WASHINGTON, D.C. -- The French President Nicolas Sarkozy announced last week a government initiative to measure happiness in the country, noting "the growing gap between statistics that show continuing progress and the increasing difficulties (French people) are having in their daily lives." In fact, Gallup research shows that the report card on French citizens' well-being is not particularly glowing. French responses on measures of life satisfaction and their daily experiences are quite average when compared with happiness levels among residents in other high-income countries.
The French government is not breaking new ground in placing an emphasis on a broader set of indicators to measure the country's progress. Richard Easterlin in a landmark 1974 paper "Does Economic Growth Improve the Human Lot?" showed conclusively that beyond a point increases in per-capital income are not accompanied by increases in happiness. This made a strong case for governments and development agencies to look beyond purely income-based indicators of development. For example, Bhutan famously pioneered the idea of Gross National Happiness as a counterpoint to GNP. And, the United Nations primarily created the Human Development Index in 1990 to shift the dialogue away from income-based measures of development. In the UK, the idea of increasing national well-being is a key part of government rhetoric with the Department for Environment, Food, and Rural Affairs (Defra), leading the effort to design national indicators of well-being.
Through its polling in more than 130 nations and areas, Gallup is building one of the most comprehensive databases of subjective well-being measures in the world. The poll provides insight into people's perception of their happiness, their moods and feelings, their satisfaction with various life domains (work, marriage, standard of living, health), and their rating of their communities, cities, public institutions, and governments. Gallup's measures of well-being were developed with extensive input from Nobel laureate Daniel Kahneman and University of Illinois psychology professor Ed Diener, a pioneer in the field of well-being research.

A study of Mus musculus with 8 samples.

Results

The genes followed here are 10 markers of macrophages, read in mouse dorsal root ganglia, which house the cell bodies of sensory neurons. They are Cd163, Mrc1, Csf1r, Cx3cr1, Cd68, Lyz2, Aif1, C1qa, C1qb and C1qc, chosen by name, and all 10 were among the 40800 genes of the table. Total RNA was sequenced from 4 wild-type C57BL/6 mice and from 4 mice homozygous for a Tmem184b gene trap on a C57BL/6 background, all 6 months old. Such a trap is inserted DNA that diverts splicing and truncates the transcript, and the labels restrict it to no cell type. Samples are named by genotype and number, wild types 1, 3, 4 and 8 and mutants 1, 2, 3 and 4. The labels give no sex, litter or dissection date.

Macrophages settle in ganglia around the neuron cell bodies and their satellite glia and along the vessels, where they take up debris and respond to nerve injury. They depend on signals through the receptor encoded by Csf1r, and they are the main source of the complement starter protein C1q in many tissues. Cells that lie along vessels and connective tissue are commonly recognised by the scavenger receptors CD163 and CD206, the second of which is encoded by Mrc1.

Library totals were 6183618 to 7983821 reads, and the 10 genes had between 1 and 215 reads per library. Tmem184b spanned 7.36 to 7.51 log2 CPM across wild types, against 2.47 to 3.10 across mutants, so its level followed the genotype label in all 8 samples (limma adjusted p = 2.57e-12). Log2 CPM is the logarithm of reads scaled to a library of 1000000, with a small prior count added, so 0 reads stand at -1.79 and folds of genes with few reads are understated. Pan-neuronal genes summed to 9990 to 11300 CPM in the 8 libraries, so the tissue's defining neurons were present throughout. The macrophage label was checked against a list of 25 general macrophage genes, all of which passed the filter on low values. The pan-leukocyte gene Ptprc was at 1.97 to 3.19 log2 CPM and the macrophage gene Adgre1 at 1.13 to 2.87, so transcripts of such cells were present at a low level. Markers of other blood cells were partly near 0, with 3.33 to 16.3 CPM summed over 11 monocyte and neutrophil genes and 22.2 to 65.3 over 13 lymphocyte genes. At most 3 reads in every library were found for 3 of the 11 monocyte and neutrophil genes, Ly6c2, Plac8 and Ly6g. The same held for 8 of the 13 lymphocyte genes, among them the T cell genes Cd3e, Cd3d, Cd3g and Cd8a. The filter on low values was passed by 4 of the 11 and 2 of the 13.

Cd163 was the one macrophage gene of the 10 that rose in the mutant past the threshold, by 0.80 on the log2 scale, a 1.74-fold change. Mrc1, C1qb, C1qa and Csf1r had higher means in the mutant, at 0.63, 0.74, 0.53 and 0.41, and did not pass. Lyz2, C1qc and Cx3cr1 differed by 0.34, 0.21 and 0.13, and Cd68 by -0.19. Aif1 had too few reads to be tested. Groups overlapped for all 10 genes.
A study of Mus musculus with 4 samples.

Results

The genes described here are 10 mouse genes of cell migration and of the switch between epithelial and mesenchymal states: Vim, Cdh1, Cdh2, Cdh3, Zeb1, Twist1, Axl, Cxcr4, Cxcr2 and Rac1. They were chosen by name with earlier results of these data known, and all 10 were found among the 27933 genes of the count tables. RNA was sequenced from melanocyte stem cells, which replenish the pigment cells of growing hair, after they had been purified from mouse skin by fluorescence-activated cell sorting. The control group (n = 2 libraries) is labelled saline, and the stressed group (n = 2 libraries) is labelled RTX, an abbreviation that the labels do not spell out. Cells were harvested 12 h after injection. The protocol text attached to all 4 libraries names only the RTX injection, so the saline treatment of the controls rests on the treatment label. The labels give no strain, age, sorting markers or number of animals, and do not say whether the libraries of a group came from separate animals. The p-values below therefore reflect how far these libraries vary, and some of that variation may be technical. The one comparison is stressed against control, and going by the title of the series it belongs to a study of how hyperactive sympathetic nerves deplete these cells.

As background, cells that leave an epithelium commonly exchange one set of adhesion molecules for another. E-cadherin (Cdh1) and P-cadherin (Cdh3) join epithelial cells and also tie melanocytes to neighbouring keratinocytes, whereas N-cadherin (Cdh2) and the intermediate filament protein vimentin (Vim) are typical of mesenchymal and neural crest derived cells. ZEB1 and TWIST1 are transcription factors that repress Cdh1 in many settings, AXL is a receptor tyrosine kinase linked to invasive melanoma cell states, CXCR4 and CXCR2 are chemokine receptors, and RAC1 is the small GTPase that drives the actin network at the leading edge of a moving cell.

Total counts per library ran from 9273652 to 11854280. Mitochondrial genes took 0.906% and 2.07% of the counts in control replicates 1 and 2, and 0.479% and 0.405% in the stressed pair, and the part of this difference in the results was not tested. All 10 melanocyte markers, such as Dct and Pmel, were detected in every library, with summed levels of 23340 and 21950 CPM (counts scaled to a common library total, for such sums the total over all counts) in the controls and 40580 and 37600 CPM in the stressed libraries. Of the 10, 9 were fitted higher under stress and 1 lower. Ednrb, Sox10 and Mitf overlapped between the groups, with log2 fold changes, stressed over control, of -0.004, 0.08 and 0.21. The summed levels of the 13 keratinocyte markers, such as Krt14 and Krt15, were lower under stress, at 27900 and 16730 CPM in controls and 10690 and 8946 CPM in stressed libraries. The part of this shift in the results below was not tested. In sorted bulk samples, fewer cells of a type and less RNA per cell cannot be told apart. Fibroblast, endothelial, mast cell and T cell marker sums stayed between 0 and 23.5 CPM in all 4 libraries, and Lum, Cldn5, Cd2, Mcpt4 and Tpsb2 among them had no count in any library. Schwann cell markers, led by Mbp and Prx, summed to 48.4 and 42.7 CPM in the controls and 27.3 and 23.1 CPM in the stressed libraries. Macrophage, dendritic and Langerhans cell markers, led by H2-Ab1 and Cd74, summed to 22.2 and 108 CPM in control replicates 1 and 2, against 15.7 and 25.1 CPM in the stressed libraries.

These measures are unique because they include both a broad indicator of life satisfaction or "evaluative well-being" as well as a more objective/"experiencing self" component. Life satisfaction is measured using a question that represents life as a ladder with steps numbered from 0 to 10, where "0" indicates the worst life possible and "10" the best possible life, also known as the Cantril Self-Anchoring Striving Scale. The "experiencing self" questions, on the other hand, are a series of questions that relate to experiences of positive and negative affect in a more immediate time frame (the past 24 hours), and in doing so are less prone to the effects of memory and judgment. (Positive Affect is defined as the average of the yesterday items measuring smiling/laughter and enjoyment; Negative Affect is defined by the average response to the yesterday items measuring sadness and depression.)
In relation to residents in comparable high per-capita income countries, French citizens express average levels of life satisfaction and average levels of negative affect and positive affect. We know from the work of professor Angus Deaton that per-capita GDP and average national life-satisfaction levels are highly correlated, and in this context it is perfectly reasonable to find France displaying average levels of life satisfaction. Measures of affect are far less related to GDP, however, and in this area the French scores are lackluster. If indeed the French government is interested in increasing national happiness, it would do well to focus its efforts on improving levels of positive affect in the country. Policy initiatives aimed at improving positive affect need to be local in nature with the aim of impacting the day-to-day life of people, for instance, their jobs, time spent commuting to work, how they arrange for child care, and how they spend their leisure time.
Results are based on telephone and face-to-face interviews conducted throughout 2005. Randomly selected sample sizes typically number 1,000 residents, aged 15 and older, in the countries polled. For results based on samples of this size, one can say with 95% confidence that the maximum error attributable to sampling and other random effects is ±3 percentage points. In addition to sampling error, question wording and practical difficulties in conducting surveys can introduce error or bias into the findings of public opinion polls.